Taking Your Stage Blog  
  Helping you improve the communication skills of the leaders and teams in your organization.  

« #PMFlashBlog - Project Management Around the World - Nashville, TN | Home | Is Your Listener's Capacity Overflowing? 7 Questions to Ask Yourself »


Boom! How to Stop Conversation Bombing

IStock_000004563504X_webLast night I was at friend’s house telling someone a story about something I had heard on the radio.  During a pause between two sentences, a third person started peppering me with questions.  He obviously had not heard the beginning of the conversation.  By the time I was done answering his questions, the person to whom I was originally telling the story had been grabbed by someone else.  The story was never told.  It was like a grenade went off in the middle of the dialogue.

Have you ever felt that way?  It resembles a carefully scripted, dramatic scene in a play whose momentum screeches to a halt because one of the actors jumps their line.

My conversation-bombing friend was well intentioned and I enjoy dialoguing with him.  He didn’t intend to conversation-bomb and acknowledged his error after the fact.  I can’t cast much blame because I know that I have been a conversation-bomber myself.  More than anything, it reminded me to be ever vigilant to how I am in my own communication skills to enter conversations without conversation-bombing others.

How do we stop?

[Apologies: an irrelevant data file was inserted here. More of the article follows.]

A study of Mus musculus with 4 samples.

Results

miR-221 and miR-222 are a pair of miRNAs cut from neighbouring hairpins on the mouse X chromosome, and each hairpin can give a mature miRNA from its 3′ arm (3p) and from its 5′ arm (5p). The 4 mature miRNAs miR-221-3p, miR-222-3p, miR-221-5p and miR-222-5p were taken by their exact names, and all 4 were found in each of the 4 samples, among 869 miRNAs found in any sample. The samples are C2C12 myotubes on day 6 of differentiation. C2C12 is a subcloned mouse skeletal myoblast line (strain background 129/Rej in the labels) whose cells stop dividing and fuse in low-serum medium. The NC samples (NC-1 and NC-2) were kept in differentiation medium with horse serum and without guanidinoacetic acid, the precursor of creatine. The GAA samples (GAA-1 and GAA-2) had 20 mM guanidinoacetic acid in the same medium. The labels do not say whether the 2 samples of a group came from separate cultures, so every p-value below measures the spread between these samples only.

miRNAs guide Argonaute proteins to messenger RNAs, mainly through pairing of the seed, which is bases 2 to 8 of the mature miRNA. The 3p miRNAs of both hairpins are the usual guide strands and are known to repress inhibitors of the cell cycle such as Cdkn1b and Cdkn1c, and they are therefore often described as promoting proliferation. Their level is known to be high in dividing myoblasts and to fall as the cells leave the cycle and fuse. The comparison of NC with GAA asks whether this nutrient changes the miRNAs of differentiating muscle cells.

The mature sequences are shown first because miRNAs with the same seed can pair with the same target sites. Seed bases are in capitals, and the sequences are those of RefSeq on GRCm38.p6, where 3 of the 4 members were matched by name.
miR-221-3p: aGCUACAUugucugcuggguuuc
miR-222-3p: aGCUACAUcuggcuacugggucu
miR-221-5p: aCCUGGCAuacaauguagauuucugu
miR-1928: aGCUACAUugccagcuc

1)      Change our attitude

Before you conversation-bomb, think about which of these attitudes is driving you:

  • I have to know everything.
  • I have to know what is going on…now.
  • I don’t want to miss anything.

Guess what?  It’s not all about you.  You don’t have to know everything, and you don’t need to know now.  Instead change your attitude to focus on the story-teller.  It’s ok to enter the conversation, but how can you do it in a way that makes them look good?  The best communicators make others feel important.

Use “WIIFT”!  “What’s in it for them” – the same thing a good presenter will use when delivering a message to their audience.

2)      Ease into the conversation

As you enter the conversation, do so my listening instead of talking.  In fact, don’t say anything for at least 60 seconds (for some of us that is a long time not to say anything).  Make it a challenge.  What can you learn just by listening?  Can you answer your questions?  Consider yourself exercising your communication “muscles” by focusing on listening.

If after 60 seconds, you still have a question, wait for the person to finish their story, and politely ask, “I apologize, I missed the beginning of the story, what happened to put the team in this position [or whatever your question is]?”  Or you could even wait until a little later.  The person may be flattered that you showed an interest in their story, while not being so focused on yourself.

Becoming a great communicator means doing little things.  When you are in a social setting, pay attention to how often you may be conversation-bombing.  It’s a great place to practice those ever important listening skills.

Perhaps next time instead of conversation-bombing, we can do some conversation-cultivating.





Feed You can follow this conversation by subscribing to the comment feed for this post.

The comments to this entry are closed.